Does your dog have an upcoming dental exam? If so, good! Oral hygiene is just as important for our furry friends as it is for us pet parents. Poor oral hygiene in dogs can cause infections and dental diseases — for this reason, most vets recommend yearly dental exams starting at 6 months old.
Since dental exams are performed under anesthesia, most pet parents never see what happens during these vet visits. We’ll give you a sneak peek into what goes on during veterinary dental exams and explain what vets look for when examining your pup's chompers.
There are several conditions vets look for during dental exams. Here are the 5 main ones.
Signs of dental disease are one of the main things vets look for when performing a dog dental exam; this is because 1 in 8 dogs over 3 years old have periodontal disease. Dental diseases result from plaque and tartar buildup under the gum line and can lead to tooth loss and decay.
Infections and abscesses are a big concern when it comes to canine oral health. If left untreated, infections and abscesses can spread to the blood or even to the brain, which can be life-threatening.
Vets will typically take x-rays and visually inspect the mouth for the presence of oral tumors and cysts. Oral cysts are quite common in dogs. If untreated, they can destroy the teeth and weaken the bone.
Oral tumors aren’t quite as common, but they can pose a significant threat to dogs if they are cancerous. Typically, vets will take a needle aspirate of the area to determine whether tumors are benign or cancerous.
Broken teeth result in infections and abscesses and need to be dealt with right away. For this reason, vets will perform an oral inspection to determine if there are any breaks or fractures in the teeth. Depending on the condition of the tooth, the vet may pull it or do a root canal.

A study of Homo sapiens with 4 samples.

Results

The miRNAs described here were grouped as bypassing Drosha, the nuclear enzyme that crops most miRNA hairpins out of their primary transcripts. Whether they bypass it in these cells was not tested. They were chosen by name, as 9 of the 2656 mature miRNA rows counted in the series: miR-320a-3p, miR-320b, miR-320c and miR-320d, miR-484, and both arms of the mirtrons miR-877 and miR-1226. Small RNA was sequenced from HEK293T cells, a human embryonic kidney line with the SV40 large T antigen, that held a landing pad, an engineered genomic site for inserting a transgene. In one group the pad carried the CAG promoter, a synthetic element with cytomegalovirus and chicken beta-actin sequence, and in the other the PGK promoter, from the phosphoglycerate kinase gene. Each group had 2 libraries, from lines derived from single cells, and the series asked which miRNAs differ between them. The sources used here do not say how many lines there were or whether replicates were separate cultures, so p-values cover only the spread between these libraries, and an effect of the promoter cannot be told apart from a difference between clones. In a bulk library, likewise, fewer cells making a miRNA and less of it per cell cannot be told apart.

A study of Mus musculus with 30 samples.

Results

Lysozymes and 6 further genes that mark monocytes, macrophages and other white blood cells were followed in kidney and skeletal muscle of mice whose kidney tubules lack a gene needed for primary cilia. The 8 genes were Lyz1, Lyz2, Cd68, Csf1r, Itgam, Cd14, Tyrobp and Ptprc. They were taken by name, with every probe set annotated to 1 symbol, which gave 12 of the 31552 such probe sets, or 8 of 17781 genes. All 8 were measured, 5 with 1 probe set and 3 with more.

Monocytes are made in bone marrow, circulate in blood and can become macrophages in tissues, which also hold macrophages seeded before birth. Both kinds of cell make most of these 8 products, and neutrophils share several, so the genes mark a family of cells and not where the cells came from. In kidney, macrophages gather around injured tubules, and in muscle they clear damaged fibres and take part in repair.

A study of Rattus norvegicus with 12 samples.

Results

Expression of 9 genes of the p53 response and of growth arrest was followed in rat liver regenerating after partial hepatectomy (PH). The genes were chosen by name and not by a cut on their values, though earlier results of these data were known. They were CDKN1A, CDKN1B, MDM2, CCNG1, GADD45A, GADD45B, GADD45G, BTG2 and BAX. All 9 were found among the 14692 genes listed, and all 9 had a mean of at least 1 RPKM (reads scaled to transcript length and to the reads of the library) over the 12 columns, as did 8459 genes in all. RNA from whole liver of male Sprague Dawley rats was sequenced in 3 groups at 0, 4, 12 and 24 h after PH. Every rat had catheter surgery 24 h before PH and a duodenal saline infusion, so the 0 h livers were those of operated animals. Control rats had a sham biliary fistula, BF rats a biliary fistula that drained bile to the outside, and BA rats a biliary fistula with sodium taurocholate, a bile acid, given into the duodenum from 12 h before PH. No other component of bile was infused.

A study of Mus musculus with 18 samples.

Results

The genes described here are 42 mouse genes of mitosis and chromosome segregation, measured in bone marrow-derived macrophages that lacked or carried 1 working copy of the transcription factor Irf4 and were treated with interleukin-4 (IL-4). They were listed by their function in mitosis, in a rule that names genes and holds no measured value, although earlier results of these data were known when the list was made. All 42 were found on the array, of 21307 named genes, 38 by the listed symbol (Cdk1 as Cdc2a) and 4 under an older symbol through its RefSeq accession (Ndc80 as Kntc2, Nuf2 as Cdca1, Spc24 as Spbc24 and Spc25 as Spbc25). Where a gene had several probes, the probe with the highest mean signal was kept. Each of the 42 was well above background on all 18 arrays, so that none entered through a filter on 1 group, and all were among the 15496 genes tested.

Vets will also inspect the mouth for loose teeth, which can be a sign that other problems are at play. Loose teeth are a primary symptom of periodontal disease and jaw cancer, so it’s essential vets identify and investigate the root cause of loose teeth.
Dog dental exams are broken down into several parts:
- pre-anesthetic exams
- oral examinations
- anesthesia monitoring
- dental cleanings
Before the day of the dental exam, vets will usually perform a pre-anesthetic exam to make sure the dog is healthy enough to undergo anesthesia. After the vet clears the dog for anesthesia, they're ready for their dental exam. The vet will start by performing a visual exam on the dog before administering anesthesia.
Once the pet is unconscious, the vet will monitor their vital signs for any changes that may signal problems with the anesthesia. If the dog is stable, the vet team will start the dental exam by taking radiographs. Radiographs, also known as x-rays, help vets see the portion of the tooth under the gum surface to determine if the teeth are healthy.
Next comes the scaling and the polishing portion of the procedure. Vets will use dental tools similar to those used on humans to remove the built-up tartar and polish scratches on the teeth. Lastly, the vet will apply fluoride and sealant treatments to keep the plaque buildup at bay.
While pets should be getting a dental exam every year, there are some signs that your dog should be seen sooner than later. These include:
- Bleeding from the gums
- Blood on your pet's chew toys
- Bad breath
- Inflamed or red gums
- Loose or broken teeth
- Trouble eating
- Excessive drooling
- Tartar buildup
- Growths on your pet’s gums
Remember to brush your pup’s teeth regularly and have their chompers checked out yearly by a vet. If there's ever any question of whether your pet needs a dental exam, take them to the vet. It’s better to err on the side of caution since teeth and gum problems can quickly progress into infections and dental diseases.